I used to attend library conferences back in my publishing days, so I can attest to the fact that when you get them off their home turf librarians can be a lot of fun. Just for the record, modern librarians are not generally shy, retiring and bookish. Unfortunately, despite their highly specialized knowledge and skills, they are not always regarded as very important by tech people in the digital world.
I have seen, far too many times, the tech people assume they know everything about collecting, organizing and presenting information, with the result being they make a complete muddle of things. For some reason, there is a general resistance to draw librarians into the world of data management.
Moving from print to digital publishing is not an easy task and it’s not one that should be entrusted to programmers and project managers without expert oversight. Library science is not just about shelving books and shushing noisy patrons. It encompasses the entire spectrum of information storage and retrieval. That includes e-books.
The other issue with digital right now is that publishing is basically in a huge mess. The “big six” have pulled back and only want top bestselling names. That is the same thing that got both the movie and music industries into trouble. That is the reason why Hollywood makes dumb movies about fairy tale characters armed with automatic weapons who are out for revenge. That is the reason why music publishers can’t get past hip hop and pop music. No one wants to take a chance or to explore past their own little worlds.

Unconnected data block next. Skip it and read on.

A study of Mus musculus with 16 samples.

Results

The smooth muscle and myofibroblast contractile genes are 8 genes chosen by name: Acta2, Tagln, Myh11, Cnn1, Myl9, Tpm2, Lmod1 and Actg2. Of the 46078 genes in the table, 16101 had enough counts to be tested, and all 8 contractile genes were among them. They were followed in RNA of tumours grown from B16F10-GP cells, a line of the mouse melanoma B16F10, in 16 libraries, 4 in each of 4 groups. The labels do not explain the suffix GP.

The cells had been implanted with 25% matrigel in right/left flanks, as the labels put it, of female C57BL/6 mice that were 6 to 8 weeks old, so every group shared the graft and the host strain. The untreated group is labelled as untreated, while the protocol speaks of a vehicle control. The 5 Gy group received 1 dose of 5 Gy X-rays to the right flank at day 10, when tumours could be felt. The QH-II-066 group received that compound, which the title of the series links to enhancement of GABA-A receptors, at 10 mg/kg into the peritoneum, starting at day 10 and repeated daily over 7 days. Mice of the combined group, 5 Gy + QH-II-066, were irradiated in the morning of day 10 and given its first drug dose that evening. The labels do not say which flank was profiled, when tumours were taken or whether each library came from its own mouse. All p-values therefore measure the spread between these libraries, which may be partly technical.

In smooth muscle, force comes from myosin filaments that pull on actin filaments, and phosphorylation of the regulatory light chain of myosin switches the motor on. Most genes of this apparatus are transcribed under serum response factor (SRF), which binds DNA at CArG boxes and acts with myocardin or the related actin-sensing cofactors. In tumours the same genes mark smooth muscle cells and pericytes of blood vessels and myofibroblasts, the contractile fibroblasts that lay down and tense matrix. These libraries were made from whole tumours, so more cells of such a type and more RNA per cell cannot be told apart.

Some of the library hierarchy gets this big picture, some don’t. The most insightful librarians are the ones on the floor dealing with patrons. They are also the ones least consulted when systems are designed, and the ones who best realize that all the digital fuss is just really about the bottle, not the milk inside. Tech companies want to sell tablets and e-readers. Books and information are referred to generically as “content” and hardware companies could care less about context as long as it helps sell gadgets. Librarians take a different view. They worry about the milk and are the first to acknowledge that bottles come and go, but milk is just milk.
We have been exploring new and supposedly better ways of delivering information ever since clay tablets gave way to scrolls that gave way to the codex and so on. Right now the “bottles” change every few months. The tablet you buy today will be obsolete in no time. So what about the books you’ve got stored on it? They are still in proprietary formats and at minimum you have to think about “migrating” them to the new “platform.” A paper book can last for centuries. Take that Kindle and Nook.
The “problem” with paper is that it is too good, it’s too perfect for what we need it for. Efforts to improve on paper will continue to falter until they can find something that doesn’t require batteries. That is actually being worked on, but I’m getting way ahead of myself.
Back to the librarians. Be nice to them, because if and when the lights go out, they are the only ones who will still know where to find things.